CGD Policy Blogs
This is a reply from Hugh Sinclair to my review of his book. If you haven't read the book, I think you will get a good sense of his views and style from this post. ---David Roodman
Fury and delight: I thank David for performing “due diligence” on my book, and am pleased to see genuinely new issues appear to be attracting attention, long over-due perhaps. Identifying where yet more scrutiny is required in the embattled microfinance sector can only be a constructive development. The mysteriously over-looked principal-agent problem is indeed the central theme of my whistleblowing book, and to refer to my suggestions as laughably conservative may be premature. I am suggesting a new degree of scrutiny and regulation be applied to those entrusted to manage a significant proportion of capital flows to MFIs. Start asking too many questions about their activities and impact, or, God forbid, regulate the likes of Kiva - and such suggestions may not generate laughter amongst our trusted intermediaries.
The book is an insider’s memoir, and not a text-book. It is aimed at the non-academic audience; the (wo)man on the street, who is largely spared the subtleties of these blogs and quasi-academic debates, and yet maintains a limited, at times uninformed impression of the wonders of microfinance. Insiders know this idealism, optimism or hype, is fantasy, but the (wo)man on the street usually does not. I attempt to plug this gap. We are not all experts in everything, sometimes we have to trust the experts, but in microfinance extreme caution is required.
Note: Hugh Sinclair has replied to this review.
I can't recall feeling such an acute combination of fury and delight at a book before. Hugh Sinclair's Confessions of a Microfinance Heretic is a tell-all from an industry insider. It recounts his experience working in microfinance institutions (MFIs) in Mexico, Mozambique, Nigeria, and Mongolia, and then inside the microfinance investment firm Triple Jump. Near on half the book is about a single MFI, LAPO in Nigeria, which you might recognize from the New York Times article that Hugh engineered behind the scenes or from the masked blog commentator StreetCred, whose identity Hugh may know something about.
The extended scorchings of particular MFIs sometimes obscure what is, or is meant to be, the book's main message. It is not "these MFIs are bad so all microfinance is bad," for the text states more than once that the MFIs exposed may not be representative. It is rather that there is something wrong with the readiness of intermediaries to invest in the asserted bad guys---and here the list of institutions does represent a large swath of the industry: Triple Jump, BlueOrchard, Grameen Foundation, Calvert, Kiva, and more. To document his battles with them, Hugh has posted primary materials such as internal reports and phone call recordings. I assume he says less than he knows, his lawyers providing one filter for what can be public.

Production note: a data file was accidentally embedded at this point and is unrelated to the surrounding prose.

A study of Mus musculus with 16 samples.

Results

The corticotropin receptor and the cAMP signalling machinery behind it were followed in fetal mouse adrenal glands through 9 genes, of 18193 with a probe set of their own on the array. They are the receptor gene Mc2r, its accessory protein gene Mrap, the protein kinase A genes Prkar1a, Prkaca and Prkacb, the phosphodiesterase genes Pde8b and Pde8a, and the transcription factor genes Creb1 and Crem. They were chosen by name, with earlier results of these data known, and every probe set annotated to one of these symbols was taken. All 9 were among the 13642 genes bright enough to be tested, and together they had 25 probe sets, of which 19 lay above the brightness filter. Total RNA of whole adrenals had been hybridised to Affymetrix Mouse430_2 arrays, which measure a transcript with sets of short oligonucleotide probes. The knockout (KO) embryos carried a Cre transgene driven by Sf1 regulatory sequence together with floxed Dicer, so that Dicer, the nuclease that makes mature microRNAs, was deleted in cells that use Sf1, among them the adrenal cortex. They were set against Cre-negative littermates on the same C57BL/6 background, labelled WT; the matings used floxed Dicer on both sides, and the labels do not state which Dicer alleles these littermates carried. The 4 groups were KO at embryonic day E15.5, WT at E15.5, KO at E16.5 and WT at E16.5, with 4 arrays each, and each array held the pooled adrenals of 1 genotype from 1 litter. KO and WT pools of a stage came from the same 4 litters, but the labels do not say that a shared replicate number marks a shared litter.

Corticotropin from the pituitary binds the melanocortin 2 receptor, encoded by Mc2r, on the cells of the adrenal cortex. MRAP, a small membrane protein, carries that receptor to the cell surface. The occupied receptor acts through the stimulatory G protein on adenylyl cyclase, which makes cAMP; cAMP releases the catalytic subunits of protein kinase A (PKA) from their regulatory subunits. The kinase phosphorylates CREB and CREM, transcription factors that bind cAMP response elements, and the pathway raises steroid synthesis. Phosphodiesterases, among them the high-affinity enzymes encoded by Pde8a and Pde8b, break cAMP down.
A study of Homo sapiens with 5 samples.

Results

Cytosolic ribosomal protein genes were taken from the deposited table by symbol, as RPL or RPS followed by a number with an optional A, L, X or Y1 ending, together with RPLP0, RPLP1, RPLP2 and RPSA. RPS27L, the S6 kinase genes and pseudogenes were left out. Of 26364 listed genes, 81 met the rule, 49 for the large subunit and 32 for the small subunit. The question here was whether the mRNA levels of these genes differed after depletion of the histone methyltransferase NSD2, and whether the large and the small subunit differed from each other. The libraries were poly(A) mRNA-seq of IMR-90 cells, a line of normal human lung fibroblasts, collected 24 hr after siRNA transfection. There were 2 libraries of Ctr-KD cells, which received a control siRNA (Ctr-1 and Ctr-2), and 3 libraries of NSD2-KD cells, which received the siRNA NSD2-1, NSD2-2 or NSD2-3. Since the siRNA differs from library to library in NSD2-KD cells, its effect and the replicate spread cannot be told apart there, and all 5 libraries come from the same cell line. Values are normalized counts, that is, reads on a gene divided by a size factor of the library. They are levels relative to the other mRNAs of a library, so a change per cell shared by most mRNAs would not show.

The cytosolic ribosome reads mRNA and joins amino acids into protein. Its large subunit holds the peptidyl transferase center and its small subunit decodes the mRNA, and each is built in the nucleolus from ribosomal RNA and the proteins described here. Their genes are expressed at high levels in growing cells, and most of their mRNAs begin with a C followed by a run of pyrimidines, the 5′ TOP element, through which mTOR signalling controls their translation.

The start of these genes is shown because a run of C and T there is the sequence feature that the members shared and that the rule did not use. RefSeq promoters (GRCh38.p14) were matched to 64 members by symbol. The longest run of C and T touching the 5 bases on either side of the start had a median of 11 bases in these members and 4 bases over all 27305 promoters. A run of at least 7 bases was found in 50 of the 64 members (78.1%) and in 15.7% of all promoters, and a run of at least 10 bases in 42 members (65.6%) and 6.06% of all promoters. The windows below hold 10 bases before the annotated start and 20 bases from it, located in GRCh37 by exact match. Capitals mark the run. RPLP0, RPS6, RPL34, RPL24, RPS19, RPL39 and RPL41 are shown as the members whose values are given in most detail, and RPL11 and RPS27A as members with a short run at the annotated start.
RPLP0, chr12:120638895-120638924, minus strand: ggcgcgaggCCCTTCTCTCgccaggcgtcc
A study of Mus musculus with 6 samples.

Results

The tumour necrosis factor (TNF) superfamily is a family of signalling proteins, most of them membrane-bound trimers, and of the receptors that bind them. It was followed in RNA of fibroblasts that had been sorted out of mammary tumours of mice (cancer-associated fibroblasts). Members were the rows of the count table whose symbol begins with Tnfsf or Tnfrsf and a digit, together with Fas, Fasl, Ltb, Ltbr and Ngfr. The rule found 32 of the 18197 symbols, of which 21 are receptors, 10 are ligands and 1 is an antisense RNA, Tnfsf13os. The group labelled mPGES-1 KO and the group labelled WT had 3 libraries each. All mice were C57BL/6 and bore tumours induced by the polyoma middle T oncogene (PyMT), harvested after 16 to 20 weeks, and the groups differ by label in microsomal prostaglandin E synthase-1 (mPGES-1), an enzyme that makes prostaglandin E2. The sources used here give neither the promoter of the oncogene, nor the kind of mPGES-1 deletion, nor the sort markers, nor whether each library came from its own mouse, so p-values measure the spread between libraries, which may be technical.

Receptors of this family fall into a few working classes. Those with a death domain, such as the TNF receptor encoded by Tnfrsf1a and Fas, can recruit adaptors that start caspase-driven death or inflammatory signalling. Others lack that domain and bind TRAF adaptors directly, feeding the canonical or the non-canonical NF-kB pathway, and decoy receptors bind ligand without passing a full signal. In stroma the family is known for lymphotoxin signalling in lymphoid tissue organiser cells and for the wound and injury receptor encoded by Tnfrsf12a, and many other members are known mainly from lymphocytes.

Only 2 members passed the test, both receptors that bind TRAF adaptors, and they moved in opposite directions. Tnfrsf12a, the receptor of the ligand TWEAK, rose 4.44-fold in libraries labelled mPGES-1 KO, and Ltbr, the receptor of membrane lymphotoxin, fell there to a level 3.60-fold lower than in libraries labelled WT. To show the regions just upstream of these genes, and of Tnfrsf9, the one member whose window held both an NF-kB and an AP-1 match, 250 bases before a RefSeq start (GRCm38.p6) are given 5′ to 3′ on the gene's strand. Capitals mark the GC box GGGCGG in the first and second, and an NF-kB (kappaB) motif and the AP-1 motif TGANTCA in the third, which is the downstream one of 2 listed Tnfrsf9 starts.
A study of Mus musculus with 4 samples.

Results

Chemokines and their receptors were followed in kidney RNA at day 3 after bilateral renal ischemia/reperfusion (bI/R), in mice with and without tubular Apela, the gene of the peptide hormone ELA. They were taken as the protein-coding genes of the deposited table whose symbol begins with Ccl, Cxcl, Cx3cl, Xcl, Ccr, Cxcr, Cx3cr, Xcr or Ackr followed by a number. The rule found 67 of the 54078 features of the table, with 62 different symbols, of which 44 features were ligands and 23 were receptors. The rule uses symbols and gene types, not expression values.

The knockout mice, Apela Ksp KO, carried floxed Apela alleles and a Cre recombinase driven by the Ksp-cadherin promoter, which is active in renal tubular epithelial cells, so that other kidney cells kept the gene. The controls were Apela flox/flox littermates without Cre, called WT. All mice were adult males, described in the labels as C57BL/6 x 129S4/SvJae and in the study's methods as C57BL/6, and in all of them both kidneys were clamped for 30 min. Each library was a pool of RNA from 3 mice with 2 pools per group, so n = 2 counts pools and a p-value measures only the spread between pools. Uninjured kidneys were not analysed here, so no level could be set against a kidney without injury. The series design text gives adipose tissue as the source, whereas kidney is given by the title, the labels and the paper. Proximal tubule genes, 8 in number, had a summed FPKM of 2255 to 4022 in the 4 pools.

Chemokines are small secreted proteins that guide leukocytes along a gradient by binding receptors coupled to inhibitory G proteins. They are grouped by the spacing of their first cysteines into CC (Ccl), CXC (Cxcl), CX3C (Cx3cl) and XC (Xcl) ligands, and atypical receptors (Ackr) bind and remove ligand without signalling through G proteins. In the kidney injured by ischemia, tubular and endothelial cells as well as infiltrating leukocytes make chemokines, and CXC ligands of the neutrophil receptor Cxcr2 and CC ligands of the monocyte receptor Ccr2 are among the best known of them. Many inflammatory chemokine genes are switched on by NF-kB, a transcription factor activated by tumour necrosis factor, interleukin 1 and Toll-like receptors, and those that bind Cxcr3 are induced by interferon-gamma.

What delights in this book are the stories. I felt my heart beat as I read Hugh's account of the confrontation with his superiors at Triple Jump that would turn him into a whistleblower. Earlier, he tells how a man named Sam Grottis came to lead an MFI in Mozambique called FCC that Hugh would later be brought in to try to turn around:
He was apparently a former businessman and freedom fighter in Rhodesia who had experienced a Road to Damascus moment of enlightenment and had become a fundamentalist Christian---a prerequisite for senior managerial positions at World Relief. Eventually Grottis met a suitable westerner who displayed mutual agreement regarding the imminent end of the world and promptly made him CEO of FCC.
But you sense the sardonism: we can't quite trust the book to tell the full, fair story.
Then there's the water-selling lady in the hotel Hugh stayed at while working with LAPO in Nigeria:
Every morning I would buy a bottle of water for the day ahead, clearly labeled as N25.